VOTERS in the Serb-held region of Croatia appear to have rejected the long-armed rule of Serbian President Slobodan Milosevic by electing a political foe, Milan Babic, as president of the so-called ``Serbian Republic of the Krajina'' (RSK).
The latest unofficial results released Sunday show that, with roughly 70 percent of the votes counted, Mr. Babic - mayor of Knin, the capital of the RSK - won 116,014 votes, or 49 percent of the total. His principal opponent, Milan Martic, running as an independent and backed by Mr. Milosevic, received 25 percent of the vote.
Final results of the ballot, the first to be held in the rebel Serb enclave that declared independence from Croatia, are not yet in. In order to avoid a run-off, Babic needs to win 50 percent of the vote plus one vote.
The message was clear. By overwhelmingly supporting Babic, voters in the RSK opted to continue their support for the overall aim of a Greater Serbia, but want it negotiated on their own terms.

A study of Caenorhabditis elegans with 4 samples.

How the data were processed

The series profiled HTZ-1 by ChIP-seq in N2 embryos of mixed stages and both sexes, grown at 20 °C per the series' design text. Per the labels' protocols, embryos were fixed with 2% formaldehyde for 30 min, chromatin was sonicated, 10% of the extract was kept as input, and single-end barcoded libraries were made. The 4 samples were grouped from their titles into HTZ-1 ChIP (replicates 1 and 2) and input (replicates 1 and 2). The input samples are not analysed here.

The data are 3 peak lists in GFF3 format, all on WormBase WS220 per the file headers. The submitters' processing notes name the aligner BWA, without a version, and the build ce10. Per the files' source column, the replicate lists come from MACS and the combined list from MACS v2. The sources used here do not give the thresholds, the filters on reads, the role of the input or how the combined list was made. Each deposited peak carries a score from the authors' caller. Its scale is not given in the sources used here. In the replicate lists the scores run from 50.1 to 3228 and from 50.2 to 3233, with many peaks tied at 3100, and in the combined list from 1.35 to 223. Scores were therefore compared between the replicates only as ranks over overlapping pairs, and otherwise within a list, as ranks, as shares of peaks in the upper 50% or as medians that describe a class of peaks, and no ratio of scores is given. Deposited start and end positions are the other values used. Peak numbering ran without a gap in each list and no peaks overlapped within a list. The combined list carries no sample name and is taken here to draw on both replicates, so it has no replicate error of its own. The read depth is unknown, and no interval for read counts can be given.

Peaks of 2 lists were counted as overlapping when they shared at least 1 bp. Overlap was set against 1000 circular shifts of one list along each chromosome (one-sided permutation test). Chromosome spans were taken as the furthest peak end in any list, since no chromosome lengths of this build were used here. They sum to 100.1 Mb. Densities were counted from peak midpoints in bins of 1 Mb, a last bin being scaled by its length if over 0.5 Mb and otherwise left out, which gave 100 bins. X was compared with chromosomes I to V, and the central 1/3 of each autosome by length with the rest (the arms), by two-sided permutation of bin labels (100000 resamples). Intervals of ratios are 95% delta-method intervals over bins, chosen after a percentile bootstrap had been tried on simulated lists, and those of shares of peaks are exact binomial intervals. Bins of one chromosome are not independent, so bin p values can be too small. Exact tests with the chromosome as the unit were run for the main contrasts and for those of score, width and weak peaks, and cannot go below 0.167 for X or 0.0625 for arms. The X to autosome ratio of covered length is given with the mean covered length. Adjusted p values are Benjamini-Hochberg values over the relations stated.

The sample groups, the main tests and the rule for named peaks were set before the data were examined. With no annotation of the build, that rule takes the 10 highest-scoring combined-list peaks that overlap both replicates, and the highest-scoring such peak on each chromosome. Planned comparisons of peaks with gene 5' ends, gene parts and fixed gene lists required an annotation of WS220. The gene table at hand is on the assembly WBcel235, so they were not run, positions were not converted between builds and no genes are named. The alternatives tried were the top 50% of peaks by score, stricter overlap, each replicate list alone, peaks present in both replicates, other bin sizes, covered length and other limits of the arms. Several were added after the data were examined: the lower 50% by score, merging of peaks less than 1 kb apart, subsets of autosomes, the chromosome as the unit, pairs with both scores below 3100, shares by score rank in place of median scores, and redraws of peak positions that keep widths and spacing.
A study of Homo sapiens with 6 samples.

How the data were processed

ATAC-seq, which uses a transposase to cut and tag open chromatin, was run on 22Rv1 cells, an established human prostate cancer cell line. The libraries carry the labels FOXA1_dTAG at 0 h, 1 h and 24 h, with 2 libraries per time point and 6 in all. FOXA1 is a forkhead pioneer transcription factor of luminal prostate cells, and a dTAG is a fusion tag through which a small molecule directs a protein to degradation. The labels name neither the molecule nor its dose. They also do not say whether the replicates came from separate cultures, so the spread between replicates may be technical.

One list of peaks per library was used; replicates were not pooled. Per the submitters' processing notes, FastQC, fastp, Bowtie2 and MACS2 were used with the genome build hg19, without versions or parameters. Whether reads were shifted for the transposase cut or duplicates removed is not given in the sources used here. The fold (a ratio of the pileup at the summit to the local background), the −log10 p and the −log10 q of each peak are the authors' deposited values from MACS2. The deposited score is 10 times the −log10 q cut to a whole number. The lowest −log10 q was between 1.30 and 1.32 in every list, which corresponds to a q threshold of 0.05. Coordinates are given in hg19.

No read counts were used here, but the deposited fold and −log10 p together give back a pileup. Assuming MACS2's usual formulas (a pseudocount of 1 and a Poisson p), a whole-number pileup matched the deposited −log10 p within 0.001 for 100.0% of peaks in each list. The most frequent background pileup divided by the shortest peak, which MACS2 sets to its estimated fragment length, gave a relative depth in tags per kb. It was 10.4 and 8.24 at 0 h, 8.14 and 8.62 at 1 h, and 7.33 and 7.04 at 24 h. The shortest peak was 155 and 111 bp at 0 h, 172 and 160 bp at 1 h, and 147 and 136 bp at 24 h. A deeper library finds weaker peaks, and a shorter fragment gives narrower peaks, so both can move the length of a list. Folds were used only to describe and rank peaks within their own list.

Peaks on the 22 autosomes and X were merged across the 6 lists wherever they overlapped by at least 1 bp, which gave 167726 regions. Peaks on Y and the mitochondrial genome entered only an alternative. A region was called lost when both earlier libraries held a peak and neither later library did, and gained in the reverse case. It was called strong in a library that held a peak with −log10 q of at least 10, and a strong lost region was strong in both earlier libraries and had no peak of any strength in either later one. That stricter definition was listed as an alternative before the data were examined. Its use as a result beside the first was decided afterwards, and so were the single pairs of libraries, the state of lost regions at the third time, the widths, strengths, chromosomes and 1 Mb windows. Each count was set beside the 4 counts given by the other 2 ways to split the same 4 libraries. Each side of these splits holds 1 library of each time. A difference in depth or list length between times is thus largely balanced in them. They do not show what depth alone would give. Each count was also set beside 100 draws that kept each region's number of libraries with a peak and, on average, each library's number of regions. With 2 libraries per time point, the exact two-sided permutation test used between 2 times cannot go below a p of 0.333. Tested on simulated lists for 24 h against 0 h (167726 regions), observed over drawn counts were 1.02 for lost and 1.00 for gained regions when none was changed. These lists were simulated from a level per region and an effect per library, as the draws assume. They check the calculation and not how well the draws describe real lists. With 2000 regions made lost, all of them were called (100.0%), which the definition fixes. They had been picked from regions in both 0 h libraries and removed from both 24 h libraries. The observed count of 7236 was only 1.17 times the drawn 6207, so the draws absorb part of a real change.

Rumors circulating that Milosevic may want to sacrifice parts of the Krajina in a territorial swap for an overall political settlement in the former Yugoslavia have fueled the anxiety and anti-Belgrade sentiment.
The latest plan for peace in the Balkans pushed forward by the European Union suggests gradually lifting sanctions on Serbia in return for Bosnian Serbs seceding more land to Muslims in eastern Bosnia. Some political analysts suggest Milosevic would rather give up some more barren parts of the Krajina than Bosnian land closer to Serbia proper.
The results were sweet revenge for Babic. After Croatia declared independence from the former Yugoslavia in June 1991, he lead the Serb rebellion against Croatia, backed by the Yugoslav National Army, but he was later ousted by Milosevic for opposing the UN-negotiated peace plan that declared a cease-fire in Croatia and allowed 14,000 UN troops to move into Serb-held regions.
The election in the Krajina also flew in the face of Croatian President Franjo Tudjman, whose government condemned the vote.
Croatia has offered the Krajina Serbs only ``cultural'' and ``local autonomy'' in two cities in the Serb-held area where Serbs were the majority before the war.